Sadly, breastfeeding discrimination continues, as evidenced by the following stories of 2009:
1. Denny’s Restaurant harasses nursing mother. After Crystal Everitt was asked to cover up while breastfeeding at an Asheville, North Carolina, Denny’s restaurant, the regional management issued an unsatisfactory response. Local breastfeeding supporters went ahead with a nurse-in at the restaurant.
2. Dear Abby on pumping at work. Back in March, advice columnist Abigail Van Buren rightfully advised a woman not to be ashamed of pumping at work, but she failed to point out that a bathroom is not a pumping room and that California law protects pumping mothers in the workplace. The following June, the Dear Abby column published several follow-up letters with helpful information.
3. Parents Magazine advises being “discreet.” In April, I wrote to the Parents Magazine etiquette columnist about her belief that nursing in public is only okay as long as the breastfeeding mother is being “discreet” by utilizing shawls, scarves, dark booths and quiet corners.
4. Acosta Tacos fires woman for breastfeeding at work. The owner of Acosta Tacos in Los Angeles, California was ordered to pay Marina Chavez $21,645.00 in lost wages plus $20,000.00 for emotional damages after the owner fired Chavez for breastfeeding her baby on her breaks. In this groundbreaking case, the California Fair Employment and Housing Commission found that breastfeeding is intrinsic to the female sex and thus breastfeeding discrimination is sex discrimination under the Fair Employment and Housing Act (FEHA). The owner was also ordered to pay a $5,000 fine, establish a written policy on sex discrimination, and post a notice regarding the company’s FEHA violation.
5. Olive Garden requires modesty. In Michigan City, Indiana, Maggie Naas was asked to move to the restroom to breastfeed her baby because, according to that Olive Garden restaurant’s manager, she was not being modest enough.
6. Chick-Fil-A offers a towel to cover up. Thirty breastfeeding women staged a nurse-in at a Florida Chick-Fil-A after a mother was asked to cover her nursing baby with a towel. The mother attempted to contact the local and corporate management and apparently received no response. (One of my favorite pictures from the nurse-in shows the Chick-Fil-A mascot, a cow, looking on as a woman nurses. There’s a joke in there somewhere!)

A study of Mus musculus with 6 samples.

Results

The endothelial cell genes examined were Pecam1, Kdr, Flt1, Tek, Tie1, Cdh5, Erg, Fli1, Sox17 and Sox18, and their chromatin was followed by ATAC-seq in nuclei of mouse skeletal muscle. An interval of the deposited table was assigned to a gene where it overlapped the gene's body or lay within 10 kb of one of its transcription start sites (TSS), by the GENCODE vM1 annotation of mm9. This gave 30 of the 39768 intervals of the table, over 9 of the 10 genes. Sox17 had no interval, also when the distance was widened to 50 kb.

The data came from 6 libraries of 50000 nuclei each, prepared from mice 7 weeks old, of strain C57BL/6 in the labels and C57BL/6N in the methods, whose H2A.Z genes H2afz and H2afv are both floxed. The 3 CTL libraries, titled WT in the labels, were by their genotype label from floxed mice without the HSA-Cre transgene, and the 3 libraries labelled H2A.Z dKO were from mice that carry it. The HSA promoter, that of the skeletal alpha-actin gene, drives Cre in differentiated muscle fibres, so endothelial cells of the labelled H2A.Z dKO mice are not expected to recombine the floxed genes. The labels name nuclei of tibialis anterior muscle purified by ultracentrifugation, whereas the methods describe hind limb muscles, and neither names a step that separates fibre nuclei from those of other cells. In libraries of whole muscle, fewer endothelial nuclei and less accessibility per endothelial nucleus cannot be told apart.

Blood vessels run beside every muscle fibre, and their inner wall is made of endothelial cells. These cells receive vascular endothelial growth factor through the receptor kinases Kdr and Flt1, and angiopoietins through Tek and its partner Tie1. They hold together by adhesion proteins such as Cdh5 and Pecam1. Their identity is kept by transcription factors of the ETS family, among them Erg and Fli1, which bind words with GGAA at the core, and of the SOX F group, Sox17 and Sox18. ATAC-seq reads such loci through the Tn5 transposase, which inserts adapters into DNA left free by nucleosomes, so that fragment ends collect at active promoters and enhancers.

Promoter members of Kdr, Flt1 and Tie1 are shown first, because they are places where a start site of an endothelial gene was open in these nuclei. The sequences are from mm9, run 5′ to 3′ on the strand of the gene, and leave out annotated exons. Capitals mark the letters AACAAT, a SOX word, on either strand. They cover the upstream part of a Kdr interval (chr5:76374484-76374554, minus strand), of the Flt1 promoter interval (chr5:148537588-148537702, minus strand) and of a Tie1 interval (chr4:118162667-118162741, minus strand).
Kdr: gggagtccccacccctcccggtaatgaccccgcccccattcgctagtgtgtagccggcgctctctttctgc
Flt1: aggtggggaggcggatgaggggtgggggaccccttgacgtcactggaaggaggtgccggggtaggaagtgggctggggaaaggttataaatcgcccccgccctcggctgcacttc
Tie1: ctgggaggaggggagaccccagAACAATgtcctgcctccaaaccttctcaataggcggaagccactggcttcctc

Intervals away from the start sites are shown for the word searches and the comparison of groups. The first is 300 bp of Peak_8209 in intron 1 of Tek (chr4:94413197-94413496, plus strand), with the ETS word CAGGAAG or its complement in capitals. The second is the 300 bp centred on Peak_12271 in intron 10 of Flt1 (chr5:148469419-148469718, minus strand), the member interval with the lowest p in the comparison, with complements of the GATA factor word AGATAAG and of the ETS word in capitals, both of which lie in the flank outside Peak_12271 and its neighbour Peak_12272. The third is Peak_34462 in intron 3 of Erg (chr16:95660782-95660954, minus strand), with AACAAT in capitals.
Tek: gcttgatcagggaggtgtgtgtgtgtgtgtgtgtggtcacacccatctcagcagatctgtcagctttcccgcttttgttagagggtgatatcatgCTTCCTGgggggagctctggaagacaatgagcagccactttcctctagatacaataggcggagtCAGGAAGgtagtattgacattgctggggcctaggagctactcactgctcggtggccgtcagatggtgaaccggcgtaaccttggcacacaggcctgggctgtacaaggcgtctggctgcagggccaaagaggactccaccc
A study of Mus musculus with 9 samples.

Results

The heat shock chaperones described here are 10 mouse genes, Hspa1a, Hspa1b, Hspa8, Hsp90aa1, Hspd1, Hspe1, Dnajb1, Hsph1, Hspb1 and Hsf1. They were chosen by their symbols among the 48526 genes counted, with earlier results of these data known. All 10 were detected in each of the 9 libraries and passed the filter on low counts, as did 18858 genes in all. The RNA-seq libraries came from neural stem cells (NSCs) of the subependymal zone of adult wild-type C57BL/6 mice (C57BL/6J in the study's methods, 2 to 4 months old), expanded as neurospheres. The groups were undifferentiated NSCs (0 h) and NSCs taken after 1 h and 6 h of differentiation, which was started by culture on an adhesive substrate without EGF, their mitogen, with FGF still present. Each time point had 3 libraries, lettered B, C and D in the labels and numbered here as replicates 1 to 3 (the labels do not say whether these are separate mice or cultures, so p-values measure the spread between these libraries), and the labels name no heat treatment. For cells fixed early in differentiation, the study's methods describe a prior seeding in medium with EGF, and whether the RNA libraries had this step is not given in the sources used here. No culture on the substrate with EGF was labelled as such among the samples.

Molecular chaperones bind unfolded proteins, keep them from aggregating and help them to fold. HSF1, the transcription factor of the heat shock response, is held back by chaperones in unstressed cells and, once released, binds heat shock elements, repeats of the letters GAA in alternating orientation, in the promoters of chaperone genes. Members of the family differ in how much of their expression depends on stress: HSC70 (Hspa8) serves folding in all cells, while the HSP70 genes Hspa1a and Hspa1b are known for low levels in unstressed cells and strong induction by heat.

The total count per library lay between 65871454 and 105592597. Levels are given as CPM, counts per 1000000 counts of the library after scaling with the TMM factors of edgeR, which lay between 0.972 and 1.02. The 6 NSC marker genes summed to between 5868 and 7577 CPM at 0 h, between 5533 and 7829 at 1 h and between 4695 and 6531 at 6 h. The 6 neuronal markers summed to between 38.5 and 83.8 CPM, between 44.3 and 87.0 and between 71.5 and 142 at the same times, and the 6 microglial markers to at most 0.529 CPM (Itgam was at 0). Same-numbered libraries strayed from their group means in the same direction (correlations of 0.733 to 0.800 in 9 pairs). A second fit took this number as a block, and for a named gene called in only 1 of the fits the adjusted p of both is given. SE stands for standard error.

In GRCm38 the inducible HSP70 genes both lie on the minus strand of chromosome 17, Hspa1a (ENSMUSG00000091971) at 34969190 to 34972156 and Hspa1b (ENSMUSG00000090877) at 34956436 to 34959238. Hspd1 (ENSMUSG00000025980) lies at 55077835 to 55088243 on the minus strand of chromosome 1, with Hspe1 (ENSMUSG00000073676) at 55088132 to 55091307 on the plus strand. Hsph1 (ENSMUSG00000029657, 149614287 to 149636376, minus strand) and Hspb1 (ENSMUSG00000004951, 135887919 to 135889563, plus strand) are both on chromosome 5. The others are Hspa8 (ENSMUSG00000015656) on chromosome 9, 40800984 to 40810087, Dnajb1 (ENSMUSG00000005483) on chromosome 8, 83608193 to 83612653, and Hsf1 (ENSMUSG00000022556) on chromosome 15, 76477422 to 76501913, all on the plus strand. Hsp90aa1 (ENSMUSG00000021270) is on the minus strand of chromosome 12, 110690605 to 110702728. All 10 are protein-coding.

7. Settlement negotiations between Emily Gillette and Delta Airlines end in lawsuit being filed. It’s hard to believe that it was three years ago that Emily Gillette and her family were asked to de-board an airplane when Ms. Gillette refused a flight attendant’s request to cover her 22-month-old nursling with a blanket. In October 2009 the Burlington Free Press reported that negotiations to settle the discrimination case collapsed and Ms. Gillette has filed suit in U.S. District Court in Burlington, Vermont.
Finally, an incident that I had to add after this post was already scheduled to publish:
8. Target store calls cops on breastfeeding mother. Earlier this week the mother of a four-week-old baby felt forced to leave the Target store in Harper Woods, Michigan after she disputed the security guards’ claim that breastfeeding in the store was illegal. Guess which store will not benefit from my holiday shopping this year? [Edited to add the good news that HB 5515, the pending breastfeeding discrimination bill in Michigan, passed out of committee on a vote of 11 to 2 after the hearing on December 2nd!]